In this Aug. 10, 2017 file photo, the national flags of Japan and the United States are held during the opening ceremony of a bilateral drill on Japan's northernmost main island of Hokkaido. (Kyodo)

TOKYO (Kyodo) -- The Japanese government said Wednesday it has kicked off formal negotiations with the United States on a fresh cost-sharing agreement for its hosting of American troops, with diplomatic sources suggesting Washington is not asking for a massive increase in Tokyo's burden.

    The administration of U.S. President Donald Trump had been expected to seek a bigger contribution, but the demands may have become more reasonable following his election loss to President-elect Joe Biden.

    The two-day talks through Tuesday in Washington marked the start of full-fledged negotiations on a replacement for the agreement that determines how much Japan chips in for the roughly 55,000 U.S. military personnel stationed in the country.

    The current five-year deal expires next March.

    The countries said so-called host nation support has "played an important role for ensuring the smooth and effective activities of U.S. Forces in Japan," affirming "the importance of further enhancing the strong solidarity" of their security alliance.

    "We look forward to a mutually beneficial outcome," they said in statements released by both governments.

    According to the sources, the Japanese officials played up Tokyo's contributions through the enactment of legislation allowing the Self-Defense Forces to play a more proactive role, as well as an increased focus on outer space and cybersecurity.

    Senior officials from Japan's foreign and defense ministries traveled to the U.S. capital to participate in the formal negotiations, which were preceded by working-level preliminary talks via videoconference in October.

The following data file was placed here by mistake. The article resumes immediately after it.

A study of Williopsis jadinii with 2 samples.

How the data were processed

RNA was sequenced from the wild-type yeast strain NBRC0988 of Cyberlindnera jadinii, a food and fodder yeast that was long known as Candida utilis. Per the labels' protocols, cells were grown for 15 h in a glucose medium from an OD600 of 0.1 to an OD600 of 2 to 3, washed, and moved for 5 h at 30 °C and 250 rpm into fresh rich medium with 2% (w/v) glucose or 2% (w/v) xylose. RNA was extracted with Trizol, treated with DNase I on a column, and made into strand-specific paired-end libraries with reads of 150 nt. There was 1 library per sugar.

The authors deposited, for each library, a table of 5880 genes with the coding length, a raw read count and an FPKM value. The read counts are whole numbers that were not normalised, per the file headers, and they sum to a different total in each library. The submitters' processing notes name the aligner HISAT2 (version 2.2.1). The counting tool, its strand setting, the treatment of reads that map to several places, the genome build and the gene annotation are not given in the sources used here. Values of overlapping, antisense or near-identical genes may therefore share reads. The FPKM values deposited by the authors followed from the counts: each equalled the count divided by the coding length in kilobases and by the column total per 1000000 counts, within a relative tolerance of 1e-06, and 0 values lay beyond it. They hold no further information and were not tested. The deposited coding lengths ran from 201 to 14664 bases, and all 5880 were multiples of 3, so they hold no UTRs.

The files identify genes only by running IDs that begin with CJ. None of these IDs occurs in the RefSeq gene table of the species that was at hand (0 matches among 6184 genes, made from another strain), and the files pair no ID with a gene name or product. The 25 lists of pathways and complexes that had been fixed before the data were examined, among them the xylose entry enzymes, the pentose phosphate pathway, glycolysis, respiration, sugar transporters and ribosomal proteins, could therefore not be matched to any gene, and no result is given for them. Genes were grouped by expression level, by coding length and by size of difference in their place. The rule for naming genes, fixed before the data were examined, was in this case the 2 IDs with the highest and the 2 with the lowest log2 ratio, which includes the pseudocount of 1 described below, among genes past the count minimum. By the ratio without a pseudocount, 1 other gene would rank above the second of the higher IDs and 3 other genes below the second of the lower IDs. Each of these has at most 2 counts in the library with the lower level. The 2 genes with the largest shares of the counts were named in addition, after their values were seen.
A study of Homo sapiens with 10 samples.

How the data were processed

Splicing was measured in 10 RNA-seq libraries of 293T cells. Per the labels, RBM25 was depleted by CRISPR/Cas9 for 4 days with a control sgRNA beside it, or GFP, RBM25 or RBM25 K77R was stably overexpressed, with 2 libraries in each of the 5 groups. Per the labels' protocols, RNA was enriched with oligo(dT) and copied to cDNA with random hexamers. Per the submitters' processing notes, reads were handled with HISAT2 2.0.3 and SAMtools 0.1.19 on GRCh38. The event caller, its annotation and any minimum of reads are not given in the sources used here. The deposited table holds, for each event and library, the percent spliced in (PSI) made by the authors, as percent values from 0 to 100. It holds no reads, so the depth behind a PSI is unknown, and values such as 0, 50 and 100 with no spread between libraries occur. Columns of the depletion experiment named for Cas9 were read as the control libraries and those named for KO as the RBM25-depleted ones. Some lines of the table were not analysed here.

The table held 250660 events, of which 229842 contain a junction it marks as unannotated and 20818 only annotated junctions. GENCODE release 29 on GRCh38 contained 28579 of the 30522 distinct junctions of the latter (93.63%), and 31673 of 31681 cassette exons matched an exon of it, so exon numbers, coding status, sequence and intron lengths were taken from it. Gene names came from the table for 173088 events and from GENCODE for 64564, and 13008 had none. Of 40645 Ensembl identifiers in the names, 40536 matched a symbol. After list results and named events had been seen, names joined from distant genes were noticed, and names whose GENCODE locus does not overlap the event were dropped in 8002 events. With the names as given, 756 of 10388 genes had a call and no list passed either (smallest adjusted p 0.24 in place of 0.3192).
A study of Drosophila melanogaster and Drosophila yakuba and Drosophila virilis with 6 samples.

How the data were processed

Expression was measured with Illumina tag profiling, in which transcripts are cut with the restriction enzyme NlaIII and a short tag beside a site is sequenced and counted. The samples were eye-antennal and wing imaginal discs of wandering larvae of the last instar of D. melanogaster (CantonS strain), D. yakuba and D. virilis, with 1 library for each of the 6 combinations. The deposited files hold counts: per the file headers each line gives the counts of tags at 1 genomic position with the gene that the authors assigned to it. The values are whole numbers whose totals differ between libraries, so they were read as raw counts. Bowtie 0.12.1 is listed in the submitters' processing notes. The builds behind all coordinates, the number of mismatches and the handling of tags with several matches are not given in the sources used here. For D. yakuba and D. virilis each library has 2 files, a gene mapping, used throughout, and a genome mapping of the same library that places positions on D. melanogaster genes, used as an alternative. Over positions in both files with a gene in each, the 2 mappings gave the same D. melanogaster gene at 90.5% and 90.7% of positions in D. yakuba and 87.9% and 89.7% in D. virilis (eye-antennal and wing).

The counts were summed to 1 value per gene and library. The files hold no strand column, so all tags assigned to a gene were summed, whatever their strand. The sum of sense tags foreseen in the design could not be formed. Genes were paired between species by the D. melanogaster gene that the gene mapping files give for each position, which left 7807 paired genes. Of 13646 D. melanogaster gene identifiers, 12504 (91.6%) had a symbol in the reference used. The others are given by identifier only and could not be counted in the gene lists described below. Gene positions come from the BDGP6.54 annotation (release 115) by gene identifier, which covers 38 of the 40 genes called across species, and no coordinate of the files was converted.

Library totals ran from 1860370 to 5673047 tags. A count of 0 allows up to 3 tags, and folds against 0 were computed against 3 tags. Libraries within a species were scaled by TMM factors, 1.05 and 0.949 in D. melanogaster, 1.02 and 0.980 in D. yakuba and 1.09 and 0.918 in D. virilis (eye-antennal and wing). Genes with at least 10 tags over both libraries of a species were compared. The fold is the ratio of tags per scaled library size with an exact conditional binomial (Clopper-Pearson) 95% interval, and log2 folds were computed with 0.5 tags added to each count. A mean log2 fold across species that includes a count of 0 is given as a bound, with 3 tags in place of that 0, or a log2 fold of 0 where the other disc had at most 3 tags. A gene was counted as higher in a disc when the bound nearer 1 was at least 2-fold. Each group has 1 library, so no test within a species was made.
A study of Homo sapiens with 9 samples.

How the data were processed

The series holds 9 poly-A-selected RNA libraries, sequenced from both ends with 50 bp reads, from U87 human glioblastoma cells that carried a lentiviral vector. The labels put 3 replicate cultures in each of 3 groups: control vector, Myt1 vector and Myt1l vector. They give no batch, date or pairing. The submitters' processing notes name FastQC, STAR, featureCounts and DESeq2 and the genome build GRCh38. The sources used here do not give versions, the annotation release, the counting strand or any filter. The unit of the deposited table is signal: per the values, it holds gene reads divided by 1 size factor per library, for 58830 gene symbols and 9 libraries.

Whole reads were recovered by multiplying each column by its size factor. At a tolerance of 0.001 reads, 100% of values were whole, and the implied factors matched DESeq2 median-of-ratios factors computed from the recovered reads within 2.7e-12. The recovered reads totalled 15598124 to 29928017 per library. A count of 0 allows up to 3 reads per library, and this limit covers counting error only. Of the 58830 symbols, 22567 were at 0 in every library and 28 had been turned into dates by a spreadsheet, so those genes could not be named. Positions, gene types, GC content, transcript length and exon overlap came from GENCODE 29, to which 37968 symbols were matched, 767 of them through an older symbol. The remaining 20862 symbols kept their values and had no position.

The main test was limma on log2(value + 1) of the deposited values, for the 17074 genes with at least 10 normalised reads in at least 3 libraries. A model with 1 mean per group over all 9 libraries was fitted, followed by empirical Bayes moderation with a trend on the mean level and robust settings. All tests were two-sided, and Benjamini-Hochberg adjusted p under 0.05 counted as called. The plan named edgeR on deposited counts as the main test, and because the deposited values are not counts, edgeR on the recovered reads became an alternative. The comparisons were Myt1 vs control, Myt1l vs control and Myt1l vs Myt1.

While Trump has criticized the alliance as one-sided and indicated Japan should contribute more, one of the sources said the demands were "different from our expectations" and "not that surprising."

    Political experts have speculated Biden may ease pressure on Tokyo as he focuses more on collaborating with allies.

    As Japan plans to finish drafting its initial budget for fiscal 2021 by the end of December, the two countries may opt to sign a tentative one-year deal instead of the usual five-year arrangement.

    "Given they will transition to a Biden administration, it is unlikely we will agree on five full years," said a senior official of the Japanese government.

    Japan pays nearly 200 billion yen ($1.9 billion) annually in host-nation support, which covers utility and labor costs for U.S. bases as well as outlays for relocating training exercises away from populated areas.

    Under a postwar security treaty, American troops stationed in Japan are tasked with responding to contingencies in the region as well as helping defend against an armed attack on the country.